In most jobs, an employee accused of setting fire to the office one day and physically threatening a business associate two days later would likely be in a heap of trouble, to say the least.
But if the job is rock 'n' roll and the employee is none other than Marilyn Manson, he may well be able to brush the controversy aside as just another week at the office, according to industry insiders tracking the shock rocker's latest escapades.
"People careening out of control is part of the attraction and intrigue," said Seth Hurwitz, a principal partner in the Washington, D.C ., promotion firm I.M.P. and owner of the famed 9:30 Club. "The only thing that would deter me [from booking a show] is the safety of a crowd."
If all goes as it has in the past for Manson, the ever-controversial rocker may actually elude punishment for both a Nov. 21 incident, in which he was accused of setting fire to a dressing room and trashing four hotel rooms in Poughkeepsie, N.Y., and an incident two days later involving an altercation with Spin magazine editor Craig Marks.
Spin's parent company, Vibe/Spin Ventures, announced Wednesday that it plans to pursue criminal and civil actions against Manson, including pressing charges of assault and harassment. Marks alleges the rocker's bodyguards choked him while Manson threatened him backstage at the Hammerstein Ballroom in New York.
Despite the potential for 29-year-old Manson (born Brian Warner) to wind up in court, Hurwitz said any promoter who now shies away from booking Manson is probably in the wrong line of work.
"That's like asking a batter, 'If a wild pitch came near your face, would you still come up to bat?'" he said. "That's the nature of our business, and the danger element is a part of it."
Representatives of Manson's Interscope label did not return repeated calls for this story.
The controversy doesn't seem to have helped Manson's album sales any. Currently in Europe to support Mechanical Animals, Manson saw his new glam-influenced record slide 20 places down the Billboard 200 albums chart to #97 last week, despite the hit single "The Dope Show"(RealAudio excerpt). It's fallen 45 spots in just two weeks. He next plays in the U.S. on New Year's Eve at the Joint in Las Vegas.
Michael Hirschorn, editor in chief of Spin magazine, said the alleged assault on Marks may have been a publicity stunt by Manson. He acknowledged that it's doubtful the singer would be harmed by prosecution or litigation.
"There's not much you can do to a guy like that," Hirschorn said. "Even if the guy gets sent to jail, it only increases his outlaw stature. There isn't any downside. If there's a cash settlement, he's got more money than he knows what to do with, and a criminal record is like a badge of honor."
Gary Bongiovanni, editor in chief of the trade magazine Pollstar, which tracks the concert industry, said it's unlikely Manson would be hurt by the recent allegations.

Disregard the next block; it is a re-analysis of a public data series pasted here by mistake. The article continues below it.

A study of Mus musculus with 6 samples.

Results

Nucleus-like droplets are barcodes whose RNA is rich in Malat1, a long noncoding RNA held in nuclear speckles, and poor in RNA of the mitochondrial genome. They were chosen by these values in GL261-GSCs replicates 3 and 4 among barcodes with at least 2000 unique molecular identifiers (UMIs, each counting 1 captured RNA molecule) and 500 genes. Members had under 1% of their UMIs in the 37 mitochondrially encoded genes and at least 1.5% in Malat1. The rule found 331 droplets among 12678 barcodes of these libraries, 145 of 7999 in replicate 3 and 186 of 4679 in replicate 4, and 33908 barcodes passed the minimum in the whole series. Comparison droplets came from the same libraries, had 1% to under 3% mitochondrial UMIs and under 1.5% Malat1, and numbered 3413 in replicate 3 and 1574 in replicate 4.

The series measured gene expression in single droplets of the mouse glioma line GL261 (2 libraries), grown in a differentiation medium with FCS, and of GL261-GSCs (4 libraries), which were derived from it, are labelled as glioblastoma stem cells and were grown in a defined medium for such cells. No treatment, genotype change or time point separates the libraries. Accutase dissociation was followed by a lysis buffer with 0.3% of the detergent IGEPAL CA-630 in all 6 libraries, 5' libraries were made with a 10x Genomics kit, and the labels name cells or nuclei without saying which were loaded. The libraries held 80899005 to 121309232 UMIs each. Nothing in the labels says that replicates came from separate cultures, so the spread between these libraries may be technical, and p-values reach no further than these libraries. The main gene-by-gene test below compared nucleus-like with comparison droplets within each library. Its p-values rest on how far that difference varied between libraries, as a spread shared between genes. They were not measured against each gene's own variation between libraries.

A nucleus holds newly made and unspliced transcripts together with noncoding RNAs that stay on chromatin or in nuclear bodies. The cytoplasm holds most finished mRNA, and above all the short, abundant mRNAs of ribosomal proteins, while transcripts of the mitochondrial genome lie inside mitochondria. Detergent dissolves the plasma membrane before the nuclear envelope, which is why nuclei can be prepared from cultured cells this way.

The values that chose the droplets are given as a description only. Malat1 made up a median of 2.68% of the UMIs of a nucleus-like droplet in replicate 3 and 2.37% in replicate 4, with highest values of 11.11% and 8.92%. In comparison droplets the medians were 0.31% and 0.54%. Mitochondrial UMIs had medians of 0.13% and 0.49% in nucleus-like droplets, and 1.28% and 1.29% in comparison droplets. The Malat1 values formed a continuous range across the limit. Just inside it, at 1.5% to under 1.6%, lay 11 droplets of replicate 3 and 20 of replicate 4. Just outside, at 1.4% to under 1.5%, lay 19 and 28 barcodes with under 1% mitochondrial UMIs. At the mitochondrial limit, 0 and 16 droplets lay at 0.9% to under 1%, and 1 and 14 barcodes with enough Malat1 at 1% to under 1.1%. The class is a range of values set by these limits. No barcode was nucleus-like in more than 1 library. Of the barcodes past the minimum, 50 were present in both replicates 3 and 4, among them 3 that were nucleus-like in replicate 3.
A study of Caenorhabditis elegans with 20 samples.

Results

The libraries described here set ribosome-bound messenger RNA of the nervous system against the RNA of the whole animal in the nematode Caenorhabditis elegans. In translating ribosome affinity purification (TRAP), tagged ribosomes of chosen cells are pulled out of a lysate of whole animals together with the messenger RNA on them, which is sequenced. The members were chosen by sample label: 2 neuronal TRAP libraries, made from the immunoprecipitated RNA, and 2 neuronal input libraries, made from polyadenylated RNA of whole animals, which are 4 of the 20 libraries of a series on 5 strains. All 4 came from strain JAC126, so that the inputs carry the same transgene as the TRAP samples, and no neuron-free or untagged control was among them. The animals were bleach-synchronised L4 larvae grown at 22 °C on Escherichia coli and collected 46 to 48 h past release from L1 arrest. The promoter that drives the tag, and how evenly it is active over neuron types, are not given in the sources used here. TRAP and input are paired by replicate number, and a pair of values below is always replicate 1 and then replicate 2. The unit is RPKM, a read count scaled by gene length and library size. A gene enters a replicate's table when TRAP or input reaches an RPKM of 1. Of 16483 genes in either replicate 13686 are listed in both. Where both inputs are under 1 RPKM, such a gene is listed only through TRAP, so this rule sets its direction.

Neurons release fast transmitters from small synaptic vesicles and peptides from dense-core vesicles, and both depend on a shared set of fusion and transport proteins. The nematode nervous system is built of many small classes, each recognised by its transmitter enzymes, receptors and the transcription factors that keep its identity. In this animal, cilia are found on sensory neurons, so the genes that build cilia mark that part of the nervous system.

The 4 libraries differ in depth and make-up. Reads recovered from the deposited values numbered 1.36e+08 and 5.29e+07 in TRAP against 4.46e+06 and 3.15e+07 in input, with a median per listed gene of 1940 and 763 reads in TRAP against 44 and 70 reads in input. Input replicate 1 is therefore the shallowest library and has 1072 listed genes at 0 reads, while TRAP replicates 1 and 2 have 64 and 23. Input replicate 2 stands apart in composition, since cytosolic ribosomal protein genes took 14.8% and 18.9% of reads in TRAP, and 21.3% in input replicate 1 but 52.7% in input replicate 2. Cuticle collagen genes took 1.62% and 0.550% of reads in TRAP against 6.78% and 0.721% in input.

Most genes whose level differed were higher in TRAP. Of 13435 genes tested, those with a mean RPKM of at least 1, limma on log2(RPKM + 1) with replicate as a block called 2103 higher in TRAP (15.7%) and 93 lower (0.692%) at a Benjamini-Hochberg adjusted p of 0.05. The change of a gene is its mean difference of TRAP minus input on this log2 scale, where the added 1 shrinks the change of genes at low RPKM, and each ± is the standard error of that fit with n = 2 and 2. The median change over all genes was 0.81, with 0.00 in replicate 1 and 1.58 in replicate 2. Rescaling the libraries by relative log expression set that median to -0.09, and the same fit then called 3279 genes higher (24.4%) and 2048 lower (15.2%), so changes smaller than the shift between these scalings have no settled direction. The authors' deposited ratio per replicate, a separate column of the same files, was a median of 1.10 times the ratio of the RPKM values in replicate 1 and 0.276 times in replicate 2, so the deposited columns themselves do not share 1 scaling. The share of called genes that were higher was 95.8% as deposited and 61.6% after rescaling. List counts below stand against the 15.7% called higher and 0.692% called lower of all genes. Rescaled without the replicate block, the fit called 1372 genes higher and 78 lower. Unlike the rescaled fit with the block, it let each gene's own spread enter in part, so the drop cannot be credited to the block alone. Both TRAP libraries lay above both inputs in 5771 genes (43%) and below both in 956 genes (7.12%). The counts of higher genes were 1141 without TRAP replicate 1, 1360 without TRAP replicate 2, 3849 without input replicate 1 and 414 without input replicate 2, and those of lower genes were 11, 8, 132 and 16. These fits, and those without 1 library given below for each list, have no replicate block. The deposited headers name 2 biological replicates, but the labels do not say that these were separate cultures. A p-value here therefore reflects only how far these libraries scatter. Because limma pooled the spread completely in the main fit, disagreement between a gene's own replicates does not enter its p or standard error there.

"I suppose if it became a pattern, it would have an impact, but promoters who do Manson know it's not going to be an easy promotion," Bongiovanni said. "In Marilyn Manson's case it's probably to the band's advantage if people are uncertain what's going to happen. From an audience's perspective, not knowing what's going to happen, and the rebelliousness, is part of what Marilyn Manson is."
While Hurwitz and Hirschorn predicted little fallout from the alleged incidents, 28-year-old Jim Kenefick of Hamden, Conn., webmaster of the unofficial Marilyn-Manson.com website, registered his dissatisfaction with Manson's behavior in an e-mail.
"He's been surrounded by yes-men for so long I'm quite sure he doesn't ever hear the word 'no.' When Spin dared to say that word to him, I'm sure it set off some drug-induced temper tantrum," Kenefick wrote.
"His behavior offstage (or in this case backstage) doesn't influence my opinion of his art. It affects my opinion of him as a person ... not that I think he cares for one millisecond. What I would like to see in the future is more Marilyn Manson and less Brian Warner, insecure kid trying to prove he's a big shot."
He's not the only fan searching for reasons for Manson's actions.
"Maybe he just goes on rampages for the hell of it," Evan Moore, webmaster of another unofficial Manson website (SeemsLikeSalvation.com), said in response to the arsons. "Manson's back, I guess. Nothing's really happening, so he is trying to make a mark somehow."
Kenefick's and Moore's disappointment notwithstanding, Hurwitz said it's Manson's dangerous behavior that gives him his character. It's a large part of what his fans rely on and what they look for, he added.
"It's more desirable not to have incidents than to have them, but in the rock business unpredictability is a major part of the appeal," Hurwitz said. "In certain cases people pull over to look at an accident. I'm sure if people thought they could stand on a corner and see an accident, you'd have a corner full of people."